The most beautiful ugly city in the world
A young man hawks up a ball of phlegm onto the cobblestone pavement. Nearby, an older gentleman unapologetically walks around shirtless, offending passers-by with his protruding pale belly. Along the bumpy street, graffiti marks each home. It fits in well with the local décor, whereby each apartment is coffee-stained and battered like a pile of books at a flea market. Each house varies in height to the next, as if fifty different architects fought to have their work displayed here.
At the intersection, I stop to peer through history, counting the fossil layers of eroded bill posters. Above me looms a mountain of untrustworthy scaffolding. The makeshift protective sheets, designed to hide the construction work from public eyes, have been ripped apart. I make sure to move away from the area, unwilling to become a Kevin sandwich.
Yes, I know what you’re thinking; this is beautiful.
For a city at the wrong end of the global financial crisis, Lisbon is surprisingly attractive. Indeed, this is perhaps what makes it so appealing. Unlike its European counterparts, it does not boast classy museums, exquisite architecture, or expansive rail networks. On the contrary, it prides itself on its imperfections: its undulating surfaces, its forgettable history, its retrograde façades. Best of all, Lisbon seems to remain a traveller’s secret; unlike the overpopulated Spain, people don’t bother to include Portugal on their itineraries. As such, Portugal’s capital city remains rather traditional, allowing each visitor to truly live life as a local.
Part of the reason I say this is because I was fortunate enough to see Lisbon with a local either side of me. For the best part of two days, Portuguese couple Diogo and Joanna gave my brother and I the tour of all tours, transforming us from typical drop-in/drop-out sightseers to resident experts.
Before our plane touched down in Lisbon, my brother had met Diogo and Joanna only once. By the time we had left for London, this pair had not only provided us with invaluable airport transfers, but had driven us almost 300km across the country, assuming the role of tour guides and educating us on the riches of Lisbon cuisine in the process. I’m inclined to attribute their generosity to the hospitable Portuguese “spirit”, but that would be doing them disservice. Diogo and Joanna, in their own right, were two of the most hospitable people I’ve ever met.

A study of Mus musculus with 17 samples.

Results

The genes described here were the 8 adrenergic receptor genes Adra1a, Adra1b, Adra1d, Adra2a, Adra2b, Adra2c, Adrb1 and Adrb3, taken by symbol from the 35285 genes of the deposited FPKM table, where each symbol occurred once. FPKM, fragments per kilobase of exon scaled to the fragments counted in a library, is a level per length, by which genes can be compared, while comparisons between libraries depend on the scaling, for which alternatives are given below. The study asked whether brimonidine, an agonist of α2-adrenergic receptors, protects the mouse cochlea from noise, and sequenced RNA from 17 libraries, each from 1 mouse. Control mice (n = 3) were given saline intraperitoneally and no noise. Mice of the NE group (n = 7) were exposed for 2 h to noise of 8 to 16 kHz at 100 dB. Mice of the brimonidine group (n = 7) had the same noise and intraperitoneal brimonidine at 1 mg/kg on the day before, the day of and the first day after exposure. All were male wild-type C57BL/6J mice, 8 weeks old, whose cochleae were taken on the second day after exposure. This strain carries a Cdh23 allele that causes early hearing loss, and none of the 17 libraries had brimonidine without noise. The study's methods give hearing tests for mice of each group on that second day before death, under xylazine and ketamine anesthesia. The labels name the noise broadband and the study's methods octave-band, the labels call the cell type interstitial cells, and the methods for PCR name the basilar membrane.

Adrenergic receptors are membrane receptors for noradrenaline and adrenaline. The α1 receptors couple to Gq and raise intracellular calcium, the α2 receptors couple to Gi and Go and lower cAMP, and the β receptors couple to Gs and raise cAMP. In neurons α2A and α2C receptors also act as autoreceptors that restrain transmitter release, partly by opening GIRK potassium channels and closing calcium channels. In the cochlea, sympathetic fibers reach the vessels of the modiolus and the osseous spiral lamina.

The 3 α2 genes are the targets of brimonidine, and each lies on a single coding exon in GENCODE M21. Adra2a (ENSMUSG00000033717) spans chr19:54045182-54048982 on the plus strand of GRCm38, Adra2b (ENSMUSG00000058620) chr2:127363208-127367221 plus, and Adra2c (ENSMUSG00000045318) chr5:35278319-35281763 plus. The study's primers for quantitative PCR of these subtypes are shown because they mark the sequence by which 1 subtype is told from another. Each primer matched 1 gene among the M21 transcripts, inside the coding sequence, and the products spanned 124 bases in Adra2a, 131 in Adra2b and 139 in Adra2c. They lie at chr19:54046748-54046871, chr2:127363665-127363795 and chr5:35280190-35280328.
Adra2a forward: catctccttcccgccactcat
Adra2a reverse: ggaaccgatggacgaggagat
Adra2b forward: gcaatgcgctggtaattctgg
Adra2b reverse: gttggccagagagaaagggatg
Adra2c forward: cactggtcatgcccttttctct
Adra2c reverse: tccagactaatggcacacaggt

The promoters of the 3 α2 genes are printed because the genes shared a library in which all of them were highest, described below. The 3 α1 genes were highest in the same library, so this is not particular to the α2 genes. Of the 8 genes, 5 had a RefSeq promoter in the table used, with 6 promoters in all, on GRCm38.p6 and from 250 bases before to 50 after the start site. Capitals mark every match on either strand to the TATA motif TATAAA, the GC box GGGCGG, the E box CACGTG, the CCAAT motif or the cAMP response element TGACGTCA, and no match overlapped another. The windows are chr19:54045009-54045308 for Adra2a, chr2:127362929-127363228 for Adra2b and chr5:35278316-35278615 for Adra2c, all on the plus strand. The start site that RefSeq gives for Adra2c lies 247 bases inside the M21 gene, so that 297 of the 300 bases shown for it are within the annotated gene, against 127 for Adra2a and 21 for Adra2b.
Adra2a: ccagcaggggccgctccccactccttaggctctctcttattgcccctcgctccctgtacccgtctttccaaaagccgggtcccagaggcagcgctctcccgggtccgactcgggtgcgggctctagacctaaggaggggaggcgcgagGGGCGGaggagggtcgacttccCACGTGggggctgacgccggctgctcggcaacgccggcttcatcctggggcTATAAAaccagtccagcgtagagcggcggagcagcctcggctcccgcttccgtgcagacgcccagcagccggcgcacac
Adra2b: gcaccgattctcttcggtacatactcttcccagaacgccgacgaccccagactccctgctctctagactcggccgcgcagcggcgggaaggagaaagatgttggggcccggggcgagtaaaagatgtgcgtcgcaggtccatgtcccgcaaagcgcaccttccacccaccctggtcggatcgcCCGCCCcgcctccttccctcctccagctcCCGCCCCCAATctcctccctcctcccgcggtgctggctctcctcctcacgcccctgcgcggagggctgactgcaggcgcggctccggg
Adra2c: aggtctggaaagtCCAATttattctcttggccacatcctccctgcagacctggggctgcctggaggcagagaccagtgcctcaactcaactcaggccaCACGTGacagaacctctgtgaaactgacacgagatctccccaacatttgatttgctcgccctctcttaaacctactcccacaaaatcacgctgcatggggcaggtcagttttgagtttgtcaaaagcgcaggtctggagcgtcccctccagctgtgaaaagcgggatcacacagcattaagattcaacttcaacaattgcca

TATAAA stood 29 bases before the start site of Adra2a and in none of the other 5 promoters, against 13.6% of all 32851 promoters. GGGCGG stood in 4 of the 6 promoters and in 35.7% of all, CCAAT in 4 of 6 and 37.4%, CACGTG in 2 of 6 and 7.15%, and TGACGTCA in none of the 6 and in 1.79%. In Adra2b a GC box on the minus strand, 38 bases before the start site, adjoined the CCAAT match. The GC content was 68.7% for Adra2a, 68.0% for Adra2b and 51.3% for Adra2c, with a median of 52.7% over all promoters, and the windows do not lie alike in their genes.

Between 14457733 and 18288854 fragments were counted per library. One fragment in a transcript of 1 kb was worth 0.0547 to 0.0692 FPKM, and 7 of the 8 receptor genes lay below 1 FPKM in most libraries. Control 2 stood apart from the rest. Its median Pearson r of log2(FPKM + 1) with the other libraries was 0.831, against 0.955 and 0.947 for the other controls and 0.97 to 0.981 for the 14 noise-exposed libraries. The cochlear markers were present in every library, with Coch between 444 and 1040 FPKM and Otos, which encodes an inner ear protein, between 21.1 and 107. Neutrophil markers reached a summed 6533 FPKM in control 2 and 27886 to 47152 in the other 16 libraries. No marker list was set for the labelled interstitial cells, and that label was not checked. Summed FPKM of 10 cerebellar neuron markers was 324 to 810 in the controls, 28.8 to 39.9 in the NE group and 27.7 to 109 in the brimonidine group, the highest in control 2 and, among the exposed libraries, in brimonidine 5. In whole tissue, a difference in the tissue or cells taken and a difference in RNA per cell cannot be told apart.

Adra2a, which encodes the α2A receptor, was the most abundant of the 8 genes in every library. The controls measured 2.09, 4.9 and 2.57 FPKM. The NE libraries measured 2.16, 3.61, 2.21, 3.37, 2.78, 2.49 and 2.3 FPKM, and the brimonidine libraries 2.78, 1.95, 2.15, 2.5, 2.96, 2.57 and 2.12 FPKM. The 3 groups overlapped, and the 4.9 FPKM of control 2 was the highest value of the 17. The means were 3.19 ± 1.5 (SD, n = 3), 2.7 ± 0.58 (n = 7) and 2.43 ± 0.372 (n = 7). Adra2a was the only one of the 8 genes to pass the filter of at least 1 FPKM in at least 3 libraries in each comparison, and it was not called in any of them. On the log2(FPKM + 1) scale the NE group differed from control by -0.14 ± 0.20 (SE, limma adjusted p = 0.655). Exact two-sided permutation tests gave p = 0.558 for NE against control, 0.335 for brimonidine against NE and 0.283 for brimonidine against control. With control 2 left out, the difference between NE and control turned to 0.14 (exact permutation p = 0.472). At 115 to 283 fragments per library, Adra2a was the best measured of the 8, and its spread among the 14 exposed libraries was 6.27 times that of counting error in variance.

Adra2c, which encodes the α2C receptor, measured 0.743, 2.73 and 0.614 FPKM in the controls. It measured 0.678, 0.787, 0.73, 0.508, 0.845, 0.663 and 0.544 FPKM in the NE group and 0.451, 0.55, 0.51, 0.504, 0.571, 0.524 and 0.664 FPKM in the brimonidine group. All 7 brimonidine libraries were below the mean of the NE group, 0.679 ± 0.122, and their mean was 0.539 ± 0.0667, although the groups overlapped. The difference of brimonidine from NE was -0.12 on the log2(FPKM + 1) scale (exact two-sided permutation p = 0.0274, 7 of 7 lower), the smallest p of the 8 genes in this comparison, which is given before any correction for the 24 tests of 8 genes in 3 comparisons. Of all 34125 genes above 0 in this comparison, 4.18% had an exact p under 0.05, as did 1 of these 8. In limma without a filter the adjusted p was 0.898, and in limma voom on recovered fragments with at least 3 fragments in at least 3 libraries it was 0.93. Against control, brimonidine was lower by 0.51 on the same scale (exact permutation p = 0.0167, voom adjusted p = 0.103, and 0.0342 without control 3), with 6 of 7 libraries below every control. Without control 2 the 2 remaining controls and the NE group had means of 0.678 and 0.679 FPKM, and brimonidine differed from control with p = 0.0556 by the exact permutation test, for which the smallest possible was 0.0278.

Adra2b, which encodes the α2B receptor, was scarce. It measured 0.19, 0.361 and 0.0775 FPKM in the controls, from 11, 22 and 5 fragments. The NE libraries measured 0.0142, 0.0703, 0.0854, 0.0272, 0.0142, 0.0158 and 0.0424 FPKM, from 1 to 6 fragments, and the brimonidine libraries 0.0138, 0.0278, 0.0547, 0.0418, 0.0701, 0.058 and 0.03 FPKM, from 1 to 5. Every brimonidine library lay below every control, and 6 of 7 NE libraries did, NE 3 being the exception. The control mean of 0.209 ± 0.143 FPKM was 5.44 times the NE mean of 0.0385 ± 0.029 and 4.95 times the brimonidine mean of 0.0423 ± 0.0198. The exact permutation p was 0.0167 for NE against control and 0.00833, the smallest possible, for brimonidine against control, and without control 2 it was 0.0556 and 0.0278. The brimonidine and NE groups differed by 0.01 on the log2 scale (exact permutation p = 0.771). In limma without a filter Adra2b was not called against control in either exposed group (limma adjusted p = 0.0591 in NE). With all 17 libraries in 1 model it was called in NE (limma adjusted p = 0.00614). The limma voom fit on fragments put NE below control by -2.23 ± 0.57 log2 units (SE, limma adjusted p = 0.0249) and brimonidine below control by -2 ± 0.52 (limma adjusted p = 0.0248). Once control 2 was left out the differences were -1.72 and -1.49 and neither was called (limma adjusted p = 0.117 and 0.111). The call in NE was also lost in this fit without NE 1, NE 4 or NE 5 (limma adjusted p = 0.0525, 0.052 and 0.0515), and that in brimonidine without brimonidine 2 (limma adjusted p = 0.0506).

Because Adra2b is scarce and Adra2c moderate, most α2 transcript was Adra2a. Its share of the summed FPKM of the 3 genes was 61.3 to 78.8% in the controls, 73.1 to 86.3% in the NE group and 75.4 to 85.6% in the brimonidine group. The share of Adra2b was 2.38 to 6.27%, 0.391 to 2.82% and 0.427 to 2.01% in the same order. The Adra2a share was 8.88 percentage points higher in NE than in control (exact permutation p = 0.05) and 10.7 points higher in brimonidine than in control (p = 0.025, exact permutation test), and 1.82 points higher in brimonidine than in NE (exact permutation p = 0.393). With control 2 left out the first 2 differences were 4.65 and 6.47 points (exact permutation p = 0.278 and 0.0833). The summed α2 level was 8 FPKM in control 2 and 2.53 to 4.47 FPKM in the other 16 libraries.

On our final night together, Diogo and Joanna led us through the back alleys of Lisbon’s city centre. They shared the sunset with us at Praça da Comércio, recommended local cheeses when we dined at a secluded dinner venue, and walked us to the top of the town’s famous miradouros (lookouts). It’s one thing to experience this kind of thing with a gang of tourists. It’s another to be the tourist, floating around in your own private universe of aura as locals point at you.
We attempted to finish the night around 9pm, wandering through the labyrinth of Lisbon’s nightlife hub Bairro Alto (pronounced BUY-RALTOE and spurted out at a lightning pace). Here, we searched up and down and left and right for an open pub. If this were Melbourne or London, locating such a venue would be a cinch. In Bairro Alto, though, we were faced with an unlikely crisis; nothing was open… yet. Only two hours later did the party begin to liven. At the turning of the eleventh hour, the cosy streets became clustered with alcohol-clad freshmen and gangs of party-hungry twentysomethings. The trendy restaurants began to shut their doors; the police began their evening stroll. The nightclubs, meanwhile, wouldn’t open for another two hours.
Despite a momentary sample of local life, our tourist profile was about to be reinstated. As we ambled aboard our hostel-bound train station to conclude our day, thousands of Lisbonite residents hopped out to begin theirs.
All this leaves me with an ironic dilemma. My brief Lisbon feast makes me want to recommend this pretty ugly city to the rest of the world. I want to draw European visitors away from the plethora of art galleries and Starbucks and throw them into the narrow alleyways of Alfama, the dark pubs of Bairro Alto, and the panoramic miradouros of Baixo-Chiado.
At the same time, that’s probably the quickest way to pollute Lisbon, to turn its superficial ugliness into something really unpleasant.